For Immediate Release: Tues., Sept. 12
Contact: Julie LaBar | Director of Marketing and Communications
412/638-6008 ǀ email@example.com
Phipps Conservatory Achieves 56% Reduction in Carbon Emissions Since 2005
A global model for sustainability, Phipps quantifies environmental impact and looks forward, further expanding its Living Campus.
Pittsburgh, Pa. — Phipps Conservatory and Botanical Gardens has reduced its carbon dioxide emissions since 2005 by 56% per square foot. This significantly exceeds the Paris Climate Agreement goal of a 26 – 28% reduction, making best efforts to reduce emissions by 28% by 2025. While expanding by more than 100,000 square feet since 1995, Phipps has reduced its carbon footprint through the use of renewable energy solutions and the most sustainable, technologically-advanced building designs.
Phipps continues the expansion of its Living Campus this month, revitalizing a former public works building built on a brownfield to develop a fully-sustainable Exhibit Staging Center (ESC). Designed to be net-positive energy and net-zero water, the building will feature a workshop for horticulture and facilities staff in preparation for seasonal flower shows and exhibits, in addition to allowing visitors behind-the-scenes access to a facilities prop workshop with interactive elements, and many other features.
“Phipps Conservatory is committed to a regenerative, healthy future, serving as a model for human and environmental well-being to nearly half a million visitors from around the world every year,” stated Phipps’ Executive Director Richard V. Piacentini. “As one example, the Center for Sustainable Landscapes at Phipps is the only building to attain four of the world’s highest sustainable building certifications. Through additional recent expansions and the future Exhibit Staging Center, Phipps continues to demonstrate what is possible as a sustainability leader and innovator.”
Phipps’ noted sustainability certifications include the Living Building Challenge, accredited through the International Living Future Institute (ILFI) for projects that meet the highest standard for environmental performance while ensuring healthy, high performance spaces. The new ESC facility is on track to become a Living Building Challenge-certified building, adding a renovation building type to new construction and modular building certifications across Phipps’ campus.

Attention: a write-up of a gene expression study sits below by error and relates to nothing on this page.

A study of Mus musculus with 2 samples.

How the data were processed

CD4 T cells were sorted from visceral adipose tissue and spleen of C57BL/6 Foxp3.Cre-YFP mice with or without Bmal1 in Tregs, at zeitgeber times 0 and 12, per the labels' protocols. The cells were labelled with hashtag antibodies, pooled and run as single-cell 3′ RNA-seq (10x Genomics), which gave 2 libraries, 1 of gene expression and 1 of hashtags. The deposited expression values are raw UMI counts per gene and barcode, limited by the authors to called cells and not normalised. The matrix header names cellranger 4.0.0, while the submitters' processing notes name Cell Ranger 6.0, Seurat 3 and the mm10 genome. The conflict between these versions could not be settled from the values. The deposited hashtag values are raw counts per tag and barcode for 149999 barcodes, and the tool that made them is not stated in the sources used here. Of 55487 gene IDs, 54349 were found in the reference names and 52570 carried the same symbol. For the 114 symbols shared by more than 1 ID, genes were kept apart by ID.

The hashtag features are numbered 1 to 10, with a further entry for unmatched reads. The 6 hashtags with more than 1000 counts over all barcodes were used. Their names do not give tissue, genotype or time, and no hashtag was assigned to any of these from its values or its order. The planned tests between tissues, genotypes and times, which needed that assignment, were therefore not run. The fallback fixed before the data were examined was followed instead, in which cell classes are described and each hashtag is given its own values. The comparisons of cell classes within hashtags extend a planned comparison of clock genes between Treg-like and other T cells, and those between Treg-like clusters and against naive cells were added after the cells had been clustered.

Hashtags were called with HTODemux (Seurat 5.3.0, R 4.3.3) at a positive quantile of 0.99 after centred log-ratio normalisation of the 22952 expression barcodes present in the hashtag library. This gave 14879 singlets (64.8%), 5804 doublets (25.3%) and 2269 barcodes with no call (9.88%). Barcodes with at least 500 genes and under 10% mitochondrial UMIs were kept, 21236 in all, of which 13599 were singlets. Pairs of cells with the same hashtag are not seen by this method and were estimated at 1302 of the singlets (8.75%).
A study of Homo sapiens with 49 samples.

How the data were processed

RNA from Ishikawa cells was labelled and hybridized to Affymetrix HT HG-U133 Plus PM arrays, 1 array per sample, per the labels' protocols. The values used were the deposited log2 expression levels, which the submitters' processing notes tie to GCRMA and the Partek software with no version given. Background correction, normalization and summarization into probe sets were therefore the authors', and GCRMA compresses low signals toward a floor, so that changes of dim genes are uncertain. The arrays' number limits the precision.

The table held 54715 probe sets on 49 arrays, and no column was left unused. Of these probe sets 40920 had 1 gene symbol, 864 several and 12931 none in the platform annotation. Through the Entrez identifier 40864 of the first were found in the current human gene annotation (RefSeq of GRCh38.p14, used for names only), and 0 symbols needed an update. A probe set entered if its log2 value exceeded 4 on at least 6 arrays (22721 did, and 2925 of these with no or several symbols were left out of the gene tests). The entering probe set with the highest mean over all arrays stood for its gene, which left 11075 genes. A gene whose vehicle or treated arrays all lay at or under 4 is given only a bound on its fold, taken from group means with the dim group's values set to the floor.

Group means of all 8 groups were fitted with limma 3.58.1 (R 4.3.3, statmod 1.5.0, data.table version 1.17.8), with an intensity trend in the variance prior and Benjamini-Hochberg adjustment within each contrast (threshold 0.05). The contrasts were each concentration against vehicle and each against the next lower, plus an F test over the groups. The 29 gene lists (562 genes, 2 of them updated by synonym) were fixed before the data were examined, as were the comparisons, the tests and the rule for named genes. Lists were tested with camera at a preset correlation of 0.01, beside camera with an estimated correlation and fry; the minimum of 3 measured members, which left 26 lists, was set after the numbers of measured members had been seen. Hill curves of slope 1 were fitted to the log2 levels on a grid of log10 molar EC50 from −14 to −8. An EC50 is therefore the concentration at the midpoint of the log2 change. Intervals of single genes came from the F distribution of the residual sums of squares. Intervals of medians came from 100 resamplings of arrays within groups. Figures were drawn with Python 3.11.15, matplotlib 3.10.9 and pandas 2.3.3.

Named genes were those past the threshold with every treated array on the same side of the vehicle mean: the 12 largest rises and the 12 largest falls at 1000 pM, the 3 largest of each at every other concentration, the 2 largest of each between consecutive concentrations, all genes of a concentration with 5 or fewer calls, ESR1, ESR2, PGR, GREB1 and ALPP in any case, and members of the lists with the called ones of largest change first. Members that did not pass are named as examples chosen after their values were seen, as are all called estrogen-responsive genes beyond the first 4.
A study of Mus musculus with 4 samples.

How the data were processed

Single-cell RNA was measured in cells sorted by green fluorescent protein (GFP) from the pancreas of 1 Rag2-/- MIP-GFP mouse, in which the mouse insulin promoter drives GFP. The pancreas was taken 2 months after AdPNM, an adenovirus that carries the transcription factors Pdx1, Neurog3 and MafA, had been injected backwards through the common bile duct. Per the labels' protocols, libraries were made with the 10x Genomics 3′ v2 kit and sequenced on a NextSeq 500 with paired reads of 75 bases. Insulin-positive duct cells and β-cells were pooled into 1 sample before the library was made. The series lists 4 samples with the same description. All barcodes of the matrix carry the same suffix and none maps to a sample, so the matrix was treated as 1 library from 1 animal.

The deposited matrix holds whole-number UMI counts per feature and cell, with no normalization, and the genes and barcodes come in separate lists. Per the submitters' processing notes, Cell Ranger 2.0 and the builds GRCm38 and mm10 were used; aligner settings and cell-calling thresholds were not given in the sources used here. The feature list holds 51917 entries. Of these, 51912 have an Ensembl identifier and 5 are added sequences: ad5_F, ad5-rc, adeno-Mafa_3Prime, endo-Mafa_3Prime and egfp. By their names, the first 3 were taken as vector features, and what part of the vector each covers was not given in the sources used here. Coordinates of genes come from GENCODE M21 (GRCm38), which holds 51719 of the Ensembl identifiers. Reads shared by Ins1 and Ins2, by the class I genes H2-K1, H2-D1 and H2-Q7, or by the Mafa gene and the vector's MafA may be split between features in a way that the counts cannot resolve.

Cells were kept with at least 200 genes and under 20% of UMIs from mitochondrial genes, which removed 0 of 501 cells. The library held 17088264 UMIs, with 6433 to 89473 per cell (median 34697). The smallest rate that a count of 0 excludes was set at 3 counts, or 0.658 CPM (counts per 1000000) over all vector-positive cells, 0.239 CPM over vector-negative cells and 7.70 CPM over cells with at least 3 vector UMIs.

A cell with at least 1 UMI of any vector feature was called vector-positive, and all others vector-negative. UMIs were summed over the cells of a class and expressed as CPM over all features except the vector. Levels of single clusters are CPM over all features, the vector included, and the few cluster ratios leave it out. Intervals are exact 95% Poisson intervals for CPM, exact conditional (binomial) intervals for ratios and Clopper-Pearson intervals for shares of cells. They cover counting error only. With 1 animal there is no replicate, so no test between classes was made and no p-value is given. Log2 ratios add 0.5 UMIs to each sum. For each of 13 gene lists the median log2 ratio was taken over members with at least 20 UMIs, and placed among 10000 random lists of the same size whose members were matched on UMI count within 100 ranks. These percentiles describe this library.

ILFI’s 2017 Living Product Expo, being held in Pittsburgh today through Thurs., Sept. 14, highlights high impact Living Building Challenge projects like Phipps and fosters innovative new ones, bringing together manufacturers, designers, scientists and subject matter experts with a shared vision for a regenerative, healthy future. Phipps proudly supports ILFI’s Living Product Expo.
To show guests that everyone can make a measurable difference, Phipps initiated the Make the Switch at Phipps! Green Power Drive this year. When guests switch their home electricity source to renewable, fossil-free energy during their Conservatory visit, they receive a free year-long family membership to Phipps. Year to date, over 1,500 guests have made the switch. Powering the average Pennsylvania home emits nearly 8 tons of carbon dioxide annually. As a result, at the end of each year, these guests will have prevented 11,850 tons of carbon dioxide emissions which is equivalent to preventing 24,889 barrels of oil from being burned.
Among organizations registered with the EPA’s Green Power Partnership, Phipps is one of only six institutions in the Museums, Parks and Zoos category and the only public garden that uses 100% renewable energy.
For more information on Phipps’ sustainability leadership and commitment, visit phipps.conservatory.org/green-innovation.
About Phipps: Founded in 1893, Phipps Conservatory and Botanical Gardens in Pittsburgh, Pa. is a green leader among public gardens with a mission to inspire and educate all with the beauty and importance of plants; to advance sustainability and promote human and environmental well-being through action and research; and to celebrate its historic glasshouse. Learn more: phipps.conservatory.org.
Photos © Paul g. Wiegman; Denmarsh Photography, Inc.